Jackson Over Flynn as Seattle QB?

Could former Viking Tarvaris Jackson really beat out former Packer Matt Flynn in Seattle? Len Pasquarelli lends his take on the Seahawks' quarterback battle and more in this quick-hitting NFL notebook.

Seattle coach Pete Carroll has said that Tarvaris Jackson, Matt Flynn and Wilson will wage a legitimate competition for the No. 1 spot, but it was reported in recent days that the incumbent would go to camp next month atop the depth chart.

The reaction that Jackson will get the No. 1 snaps, at least at the outset of camp, has generated mixed reactions both inside and outside of the Seattle organization. The six-year veteran definitely has supporters in the locker room and on the staff as well, but even some people in his corner privately question if Jackson can elevate his game at age 29.

Jackson was 7-7 as a starter in 2011, is .500 in his 34 career starts, has a sub-60 percent completion rate, a passer rating of only 77.7 and only a few more touchdown passes than interceptions (38-35).

Also notable is that Jackson has been with the same coordinator for all six years of his career, Darrell Bevell - five seasons in Minnesota and one in Seattle - and hasn't demonstrated marked improvement in that time. In general, the kind of continuity Jackson has enjoyed at coordinator leads to improvement, but that hasn't been the case.

To Carroll's credit, it doesn't look like finances will play a big part in the competition, even though Flynn will make twice as much ($8 million in total compensation as part of his three-year, $19.5 million free agent deal, to Jackson's $4 million) for 2012. But even with Carroll's run-first philosophy, the NFL has become a quarterback league, and Jackson might be little more than just a No. 2 guy.

Punts

— Chicago middle linebacker Brian Urlacher doesn't seem all that concerned by the possibility the league could use replacements game officials during the season. Said the 12-year veteran this week: "Were the refs that we had before good? Seriously, it doesn't really matter. Yes, there are officials that have been around for a while, and you know their names and have relationships. But at the same time, it doesn't matter." Urlacher might be reminded of that assessment the first time he argues that a replacement zebra has blown a call.

— It will be a very quiet gathering, but The Sports Xchange has learned that family members and longtime friends and associates will get together in Las Vegas next week for a memorial to late Oakland owner Al Davis, who died Oct. 8.

— A few teams have poked around free agent offensive lineman Vernon Carey in recent weeks. The eight-year veteran, a longtime starter in Miami, remains unsigned. Carey will be 31 in July but started 15 games for the Dolphins in 2011, and clubs view him as a potential guard-tackle swingman at the right price.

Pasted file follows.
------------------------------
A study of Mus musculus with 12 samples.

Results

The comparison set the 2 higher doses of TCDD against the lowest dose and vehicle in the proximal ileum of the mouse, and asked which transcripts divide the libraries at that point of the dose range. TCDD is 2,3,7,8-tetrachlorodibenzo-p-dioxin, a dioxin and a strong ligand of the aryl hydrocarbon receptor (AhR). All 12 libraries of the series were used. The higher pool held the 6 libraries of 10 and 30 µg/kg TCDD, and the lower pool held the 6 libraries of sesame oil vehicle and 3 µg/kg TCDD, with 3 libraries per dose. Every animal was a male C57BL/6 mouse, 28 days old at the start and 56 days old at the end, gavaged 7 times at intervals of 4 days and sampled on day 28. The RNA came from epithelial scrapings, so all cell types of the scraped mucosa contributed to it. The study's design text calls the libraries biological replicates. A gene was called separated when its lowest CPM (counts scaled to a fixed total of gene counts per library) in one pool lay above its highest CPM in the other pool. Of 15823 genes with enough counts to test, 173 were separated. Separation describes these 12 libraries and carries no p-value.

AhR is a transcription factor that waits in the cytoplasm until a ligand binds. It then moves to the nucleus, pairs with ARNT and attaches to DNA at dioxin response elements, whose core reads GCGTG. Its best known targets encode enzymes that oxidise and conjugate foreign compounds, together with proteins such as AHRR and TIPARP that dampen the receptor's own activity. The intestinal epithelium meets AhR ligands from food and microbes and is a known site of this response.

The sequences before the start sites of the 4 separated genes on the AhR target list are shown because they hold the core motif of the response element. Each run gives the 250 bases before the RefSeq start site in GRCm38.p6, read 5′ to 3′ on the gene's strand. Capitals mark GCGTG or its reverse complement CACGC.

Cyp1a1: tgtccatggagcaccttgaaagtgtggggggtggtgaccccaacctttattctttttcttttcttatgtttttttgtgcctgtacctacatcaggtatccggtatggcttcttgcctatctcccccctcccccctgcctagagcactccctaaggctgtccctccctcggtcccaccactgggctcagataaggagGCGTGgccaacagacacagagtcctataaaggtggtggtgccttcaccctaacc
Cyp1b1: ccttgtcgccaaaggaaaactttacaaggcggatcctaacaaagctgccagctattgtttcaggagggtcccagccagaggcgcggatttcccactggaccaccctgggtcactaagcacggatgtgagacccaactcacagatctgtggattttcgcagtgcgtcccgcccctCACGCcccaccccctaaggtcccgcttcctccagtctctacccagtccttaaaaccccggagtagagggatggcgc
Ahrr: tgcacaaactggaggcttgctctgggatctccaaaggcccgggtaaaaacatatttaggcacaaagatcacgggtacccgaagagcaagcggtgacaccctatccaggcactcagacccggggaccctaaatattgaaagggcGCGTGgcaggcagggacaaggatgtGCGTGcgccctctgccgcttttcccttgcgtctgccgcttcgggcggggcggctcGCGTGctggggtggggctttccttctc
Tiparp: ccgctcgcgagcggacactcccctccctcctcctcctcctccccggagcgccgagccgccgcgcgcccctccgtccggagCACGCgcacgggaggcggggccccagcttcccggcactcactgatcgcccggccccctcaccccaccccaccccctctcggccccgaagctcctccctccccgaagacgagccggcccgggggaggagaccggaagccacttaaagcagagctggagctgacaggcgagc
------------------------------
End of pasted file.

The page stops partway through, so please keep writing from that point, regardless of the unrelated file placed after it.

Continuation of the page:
— Houston officials haven't commenced substantive discussions yet about an extension for quarterback Matt Schaub, who is entering the final season of his contract at a base salary of $7 million-plus, but likely will do so before the end of the summer. The Texans seem satisfied that Schaub is well recovered from last year's foot injury.

— Buffalo coaches are guardedly optimistic over the progress the offense made in the offseason, but would like to locate a viable No. 2 wide receiver in camp. Finding a complement to Steve Johnson would allow the Bills to play third-year veteran Donald Jones more in the slot, where the staff feels he could be a playmaker. Jones has good size and speed and seems to have recovered pretty well from an ankle injury that limited him to eight games last season.

— Despite his contention this week that there is an 80 or 90 percent chance that he will play in 2012, quarterback Donovan McNabb hasn't gotten any meaningful nibbles in the offseason, personnel people in the league say.

— The position is trending toward near-extinction, and the traditional role of lead blocker has been decreased in recent years, but it's still notable that all but one team has a fullback on its current roster. The only club without one right now is Indianapolis. The Packers have three: John Kuhn, Jon Hoese and Nic Cooper.

— Although Pittsburgh this week released former Heisman Trophy winner Troy Davis, leaving longtime and aging veterans Byron Leftwich and Charlie Batch as the presumptive backups to starter Ben Roethlisberger, the Steelers don't seem interested in re-signing Dennis Dixon. The four-year veteran, who felt confident he could improve his situation in free agency, hasn't drawn much interest.

— The Dallas coaches are excited by their newfound depth at inside linebacker. Emerging star Sean Lee returns for a second season as a starter, and the Cowboys feel that Bruce Carter, a second-round pick in 2011 who appeared in only 10 games while he recovered from a knee injury sustained in his final year at North Carolina, can be special as well. Plus the Cowboys signed former Carolina Panthers part-time starter Dan Connor in free agency.

The last word: "I think we're starting to tap out in the United States. If you look at the last Super Bowl we were in this past season, we had over 180 million people watching. That's almost two-thirds of America. So for us to grow the game, we have to expand globally. Having seen the kind of support we have received in London, it is the intention of the owners to get two games here, starting next year." - New England owner Bob Kraft, on the possibility of having a London franchise, a move that he said he supports.